3D Render of Nord Stream 2 gas pipeline emerging on map of Europe connecting Russia and Germany through Baltic Sea: Energy security in Europe is under threat.

Energy security in Europe is under threat. Image: Shutterstock

Maxim Timchenko
Chief Executive Officer, DTEK
  • While Russia has seller power, Europe has greater buyer power as 71% of Russia’s exports are in the EU, and gas pipelines take years to build.
  • Ukraine can contribute to a transition period of replacing energy resources from Russia. It can then become a reliable partner in the energy security structure of Europe.

The Kremlin’s threat to the EU of stopping its gas supply should it not pay in rubles was more than just hot air. In April 2022, it followed through on its promise, cutting off natural gas supplies to Poland and Bulgaria, dramatically escalating its response to Western sanctions imposed on Moscow over the war in Ukraine. Even at the height of the Cold War, Moscow has never cut off its gas supply to Europe.


Forty years ago, the United States Central Intelligence Agency warned the White House that the 3,500-mile gas pipeline from Siberia to Germany was a direct threat to the future of Western Europe, creating a dangerous over-dependence on Russian fuel. President Reagan opposed the pipeline but lost out to lobbying interests which the New York Times summarized as “advocating for business interests over national security, human rights or environmental concerns.”

Natural gas pipeline Russia to Europe.
Natural gas pipeline Russia to Europe. Image: Global Energy Monitor

At the beginning of the full-scale invasion of Ukraine, Russia exported €63 billion worth of fossil fuels through offshore supplies and pipelines. An estimated €44 billion, 71% of the total amount, is in the EU, according to the Finnish Center for Energy and Clean Air Research. That is a dozen times more than EU aid to Ukraine.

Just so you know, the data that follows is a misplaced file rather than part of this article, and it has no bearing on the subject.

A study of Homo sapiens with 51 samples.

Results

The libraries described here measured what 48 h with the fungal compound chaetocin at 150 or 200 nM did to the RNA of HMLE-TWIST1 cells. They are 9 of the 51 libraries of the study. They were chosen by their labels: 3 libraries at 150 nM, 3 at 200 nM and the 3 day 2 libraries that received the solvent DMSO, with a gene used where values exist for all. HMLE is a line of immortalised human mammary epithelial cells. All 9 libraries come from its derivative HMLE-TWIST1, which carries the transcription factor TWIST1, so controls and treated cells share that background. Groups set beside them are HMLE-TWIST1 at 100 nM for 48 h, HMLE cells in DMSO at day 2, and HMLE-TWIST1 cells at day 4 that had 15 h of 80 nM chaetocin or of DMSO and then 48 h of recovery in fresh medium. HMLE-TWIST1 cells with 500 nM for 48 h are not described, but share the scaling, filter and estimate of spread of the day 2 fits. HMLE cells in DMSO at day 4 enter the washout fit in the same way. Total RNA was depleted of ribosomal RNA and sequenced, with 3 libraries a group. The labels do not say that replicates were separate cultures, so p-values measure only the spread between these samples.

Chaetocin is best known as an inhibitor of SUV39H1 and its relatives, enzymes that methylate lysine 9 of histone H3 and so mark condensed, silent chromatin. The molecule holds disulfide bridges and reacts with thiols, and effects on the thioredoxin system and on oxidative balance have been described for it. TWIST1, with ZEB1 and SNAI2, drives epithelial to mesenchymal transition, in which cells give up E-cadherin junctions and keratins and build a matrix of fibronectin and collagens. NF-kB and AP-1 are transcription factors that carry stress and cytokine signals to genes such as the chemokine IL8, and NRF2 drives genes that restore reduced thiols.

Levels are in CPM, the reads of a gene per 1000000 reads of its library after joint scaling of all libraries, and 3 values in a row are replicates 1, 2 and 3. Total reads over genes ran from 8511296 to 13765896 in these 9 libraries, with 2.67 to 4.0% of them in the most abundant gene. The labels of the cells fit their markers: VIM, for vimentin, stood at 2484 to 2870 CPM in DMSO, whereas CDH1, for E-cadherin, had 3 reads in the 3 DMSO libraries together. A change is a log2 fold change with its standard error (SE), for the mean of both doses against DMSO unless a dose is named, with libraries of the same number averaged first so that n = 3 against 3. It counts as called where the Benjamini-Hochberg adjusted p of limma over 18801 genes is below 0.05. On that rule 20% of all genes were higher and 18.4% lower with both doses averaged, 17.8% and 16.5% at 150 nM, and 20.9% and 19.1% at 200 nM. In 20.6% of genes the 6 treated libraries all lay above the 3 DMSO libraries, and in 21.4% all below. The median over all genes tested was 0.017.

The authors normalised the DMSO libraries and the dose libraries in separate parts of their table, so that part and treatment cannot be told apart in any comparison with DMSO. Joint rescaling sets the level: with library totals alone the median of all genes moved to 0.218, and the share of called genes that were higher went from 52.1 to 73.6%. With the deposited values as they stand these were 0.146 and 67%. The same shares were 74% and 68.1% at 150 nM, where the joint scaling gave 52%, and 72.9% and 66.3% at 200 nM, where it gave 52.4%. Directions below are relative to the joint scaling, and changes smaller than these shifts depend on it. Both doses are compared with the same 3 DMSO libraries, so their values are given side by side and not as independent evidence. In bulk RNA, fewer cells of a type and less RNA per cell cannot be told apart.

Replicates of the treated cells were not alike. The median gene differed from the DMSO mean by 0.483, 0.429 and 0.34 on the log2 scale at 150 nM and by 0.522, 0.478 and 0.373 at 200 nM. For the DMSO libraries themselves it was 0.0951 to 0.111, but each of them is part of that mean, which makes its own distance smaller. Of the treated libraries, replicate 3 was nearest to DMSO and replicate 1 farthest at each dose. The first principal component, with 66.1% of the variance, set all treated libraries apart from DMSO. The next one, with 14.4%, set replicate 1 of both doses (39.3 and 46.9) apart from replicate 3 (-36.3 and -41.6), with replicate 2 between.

While Russia has seller power, Europe needs to realize that the EU has even greater buyer power. Gas pipelines take years to build and unlike oil or coal, gas cannot just be loaded onto a ship and sold to any global buyer.

It’s time to act. As a result of short-sighted politics, Europe has fallen into a trap and has nurtured a Russian military machine that destroys Ukrainians. However, this is a question not only of Ukraine but also of other countries neighbouring Russia that could be next.

Long-term vision for energy security

Of course, action must be well-thought-out. Due to lengthy and consistent decisions, Europe has become dependent on Russia’s energy resources. Therefore, decisions to redesign Europe’s energy security must also be considered and consider the long-term consequences, not only for the EU but also for neighbouring countries, particularly Ukraine.

Moreover, Ukraine can contribute to the transition period while replacing energy resources from Russia. It can then become a reliable partner in the energy security structure of Europe for the following reasons:

- Ukraine’s energy sector has surprised the world with its stability amid war. On the first day of the conflict, Ukraine’s energy system was disconnected from Russia, unlikely to be connected again. Ukraine is now synchronized with the European electricity network and will soon demonstrate it can be a key driver of the European Green Deal.

- More than 55% of Ukraine’s electricity is produced by nuclear power plants, which is clean energy. Additionally, Ukraine can produce 9 GWT from wind and solar farms. The potential of new renewables capacity is more than 20 GW.

- Ukraine’s green European electricity integration will be realized with the help of our international business partners, with whom DTEK plans to work on various decarbonization and technological projects (renewables, hydrogen, battery storage, Small Modular Reactors, etc.).

- After Norway, Ukraine has the largest gas deposits in Europe. In addition, the use of Ukraine’s underground natural gas storage facilities will allow the implementation of EU plans to form a strategic gas reserve.

Ukraine is ready to take the lead, be a reliable partner, ensure its green electricity supply and export to Europe and actively develop clean technologies. Doing so will help Europe and the whole world protect the values of humanity, democracy and security and correct the mistake of ignoring US President Reagan’s fears, which are tragically coming true every day in Russia’s war against Ukraine.